Make no mistake, industrial espionage is on the rise. That and an increase in employee theft have given more than one executive premature gray hairs. Large multi-national corporations and smaller business entities are all vulnerable. All you need is something the other guy wants. It can be everything from advanced, first in your space technology to intellectual property. It can be sensitive databases, customer rosters, proprietary data.
Call it a sign of the times or the outgrowth of a bad economy. According to an article in Financial Times, corporate espionage can cost a company hundred of millions of dollars. It can cost a business its dominance in the market. Your staff, your research and development team can work so hard, spending millions and years on breakthrough technology, and all it takes for some thief or team of thieves to ruin your best efforts. Motorola has been hit with costly corporate espionage and Renault suffered grievously when several employees allegedly pass information about the Renault electric car to different contractors.
The article in Financial Times attests that corporations are taking corporate espionage much more seriously. As technology is the key to advancing in a competitive economy and gaining market share in global environment, those who develop that technology can fall prey to those who would rather steal that technology than develop their own. The objective is to gain knowledge of what rivals are developing and, if possible, steal that technology. In-house staff, of course is always the most vulnerable to bribery in exchange for stealing proprietary data.
In some cases background checks may vet out potential corporate spies and thieves. There are various tests that can demonstrate an employment applicant who is in poor character. We have had more than one client wish he had administered more comprehensive background checks, including character assessment checks. In one case, especially, key intellectual property was pilfered.
But then there are the variations in how corporate espionage is countenanced from country to country. In China, for example, where many of the industries are state owned or state sponsored, as the article attests, there is often little penalty for committing industrial espionage against a foreign corporation and bringing the technological spoils back to the Mainland. For years it has been Chinese practice to gain the advantage through industrial espionage. Back when China had scant funding for research and development, industrial spies were rewarded for their efforts.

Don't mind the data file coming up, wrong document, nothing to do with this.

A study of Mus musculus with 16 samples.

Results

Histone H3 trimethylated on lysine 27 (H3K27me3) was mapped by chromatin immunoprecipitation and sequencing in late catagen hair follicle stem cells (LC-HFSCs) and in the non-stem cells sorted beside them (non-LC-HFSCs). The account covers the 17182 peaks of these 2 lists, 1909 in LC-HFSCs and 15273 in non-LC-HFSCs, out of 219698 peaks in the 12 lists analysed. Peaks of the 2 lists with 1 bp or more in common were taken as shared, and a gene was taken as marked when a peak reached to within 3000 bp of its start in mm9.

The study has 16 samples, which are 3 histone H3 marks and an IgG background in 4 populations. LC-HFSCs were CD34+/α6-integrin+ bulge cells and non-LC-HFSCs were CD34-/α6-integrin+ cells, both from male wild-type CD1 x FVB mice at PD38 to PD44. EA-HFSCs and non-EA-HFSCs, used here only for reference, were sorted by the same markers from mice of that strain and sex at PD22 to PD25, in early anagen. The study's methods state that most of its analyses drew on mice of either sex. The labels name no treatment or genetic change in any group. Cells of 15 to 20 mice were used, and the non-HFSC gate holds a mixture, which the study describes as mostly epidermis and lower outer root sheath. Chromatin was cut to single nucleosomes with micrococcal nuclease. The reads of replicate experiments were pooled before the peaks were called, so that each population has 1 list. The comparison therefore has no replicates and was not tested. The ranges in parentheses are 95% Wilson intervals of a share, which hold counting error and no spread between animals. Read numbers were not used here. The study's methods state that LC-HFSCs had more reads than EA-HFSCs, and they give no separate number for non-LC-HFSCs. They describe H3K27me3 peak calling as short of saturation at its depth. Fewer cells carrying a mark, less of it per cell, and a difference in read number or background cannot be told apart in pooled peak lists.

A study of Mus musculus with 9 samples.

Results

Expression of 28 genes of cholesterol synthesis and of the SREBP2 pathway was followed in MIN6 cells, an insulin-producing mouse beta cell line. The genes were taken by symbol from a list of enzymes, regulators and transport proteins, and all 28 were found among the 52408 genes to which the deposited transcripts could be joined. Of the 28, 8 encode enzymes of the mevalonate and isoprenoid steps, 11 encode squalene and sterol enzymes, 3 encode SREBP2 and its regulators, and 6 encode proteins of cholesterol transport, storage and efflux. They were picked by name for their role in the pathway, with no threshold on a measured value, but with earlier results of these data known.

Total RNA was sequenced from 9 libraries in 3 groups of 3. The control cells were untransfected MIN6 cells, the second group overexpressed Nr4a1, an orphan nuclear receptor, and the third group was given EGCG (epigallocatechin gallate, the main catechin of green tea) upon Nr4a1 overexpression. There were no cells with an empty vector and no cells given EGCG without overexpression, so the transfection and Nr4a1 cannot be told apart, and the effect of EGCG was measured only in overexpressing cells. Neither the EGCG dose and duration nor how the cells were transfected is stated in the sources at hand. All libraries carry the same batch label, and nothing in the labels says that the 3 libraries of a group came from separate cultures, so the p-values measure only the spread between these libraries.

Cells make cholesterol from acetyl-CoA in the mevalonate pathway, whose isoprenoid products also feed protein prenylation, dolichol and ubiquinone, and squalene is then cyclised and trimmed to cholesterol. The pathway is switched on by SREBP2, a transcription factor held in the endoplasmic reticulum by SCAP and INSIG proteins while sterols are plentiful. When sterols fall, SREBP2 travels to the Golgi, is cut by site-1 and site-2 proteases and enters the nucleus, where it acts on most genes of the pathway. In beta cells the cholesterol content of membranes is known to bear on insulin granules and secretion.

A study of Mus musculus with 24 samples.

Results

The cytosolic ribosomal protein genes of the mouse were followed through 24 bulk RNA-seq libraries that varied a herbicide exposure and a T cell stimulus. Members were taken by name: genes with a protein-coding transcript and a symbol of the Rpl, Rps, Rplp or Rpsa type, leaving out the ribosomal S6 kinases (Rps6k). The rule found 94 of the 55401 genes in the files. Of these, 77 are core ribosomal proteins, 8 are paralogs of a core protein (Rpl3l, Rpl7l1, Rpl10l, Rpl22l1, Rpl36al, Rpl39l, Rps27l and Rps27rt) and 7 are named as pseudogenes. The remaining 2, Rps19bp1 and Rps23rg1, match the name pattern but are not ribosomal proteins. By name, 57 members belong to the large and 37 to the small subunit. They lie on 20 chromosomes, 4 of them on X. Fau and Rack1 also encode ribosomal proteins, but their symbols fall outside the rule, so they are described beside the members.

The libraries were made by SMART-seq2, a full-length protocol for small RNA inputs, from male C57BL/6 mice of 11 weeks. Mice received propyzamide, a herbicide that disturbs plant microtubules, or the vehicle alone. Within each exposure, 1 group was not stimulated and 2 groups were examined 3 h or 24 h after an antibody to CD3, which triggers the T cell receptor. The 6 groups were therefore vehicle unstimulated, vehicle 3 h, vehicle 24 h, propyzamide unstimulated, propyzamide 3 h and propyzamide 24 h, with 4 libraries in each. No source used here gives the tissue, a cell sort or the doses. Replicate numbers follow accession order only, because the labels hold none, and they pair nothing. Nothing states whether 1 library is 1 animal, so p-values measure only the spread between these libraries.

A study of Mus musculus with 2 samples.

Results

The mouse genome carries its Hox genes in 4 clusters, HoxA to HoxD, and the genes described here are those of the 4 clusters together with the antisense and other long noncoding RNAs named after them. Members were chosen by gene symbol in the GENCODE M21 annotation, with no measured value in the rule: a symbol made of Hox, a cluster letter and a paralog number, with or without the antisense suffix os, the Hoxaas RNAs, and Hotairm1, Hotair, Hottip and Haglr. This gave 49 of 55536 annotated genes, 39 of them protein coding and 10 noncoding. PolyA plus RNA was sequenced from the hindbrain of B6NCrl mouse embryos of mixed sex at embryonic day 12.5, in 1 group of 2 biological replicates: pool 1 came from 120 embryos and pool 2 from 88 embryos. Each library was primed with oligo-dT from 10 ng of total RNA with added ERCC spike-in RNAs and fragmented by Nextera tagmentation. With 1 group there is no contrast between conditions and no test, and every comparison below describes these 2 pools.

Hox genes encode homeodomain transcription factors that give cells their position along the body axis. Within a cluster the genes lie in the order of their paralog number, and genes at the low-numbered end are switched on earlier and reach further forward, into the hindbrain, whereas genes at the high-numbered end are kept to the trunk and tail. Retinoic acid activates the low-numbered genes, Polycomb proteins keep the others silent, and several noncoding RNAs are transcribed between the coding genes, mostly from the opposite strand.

The Financial Times article discusses "the grains of sand" or the "mosaic" principle developed almost exclusively by the Chinese for their espionage purposes. Instead of one spy trying to capture the entire technology, China has long sent out multitudes to acquire small bits of the technology. Each bit is patiently assembled to form the large picture. Hence, each piece of the puzzle is a tiny grain of sand. The assembled puzzle is the mosaic.
I am familiar with Chinese Espionage practices and industrial espionage practices in general. My book, a roman a clef, The Guys Who Spied for China, was published in late 2009, and was a a Quarterfinalist in the Amazon Breakthrough Novel Awards. A roman a clef is a fictional version based on true experiences.
Anyway, as competition increases in the world, industrial espionage will be on the increase. It will be incumbent for employers and staffing groups to conduct a variety of background checks of their employment screening purposes. Such background checks may include the proactive assessment tests that can indicate who may be of suspicious or poor character.
Companies who wish to stay competitive must remain sentient and crackdown on those who wish to steal their intellectual property. Once such security was an elective. Now it is mandatory.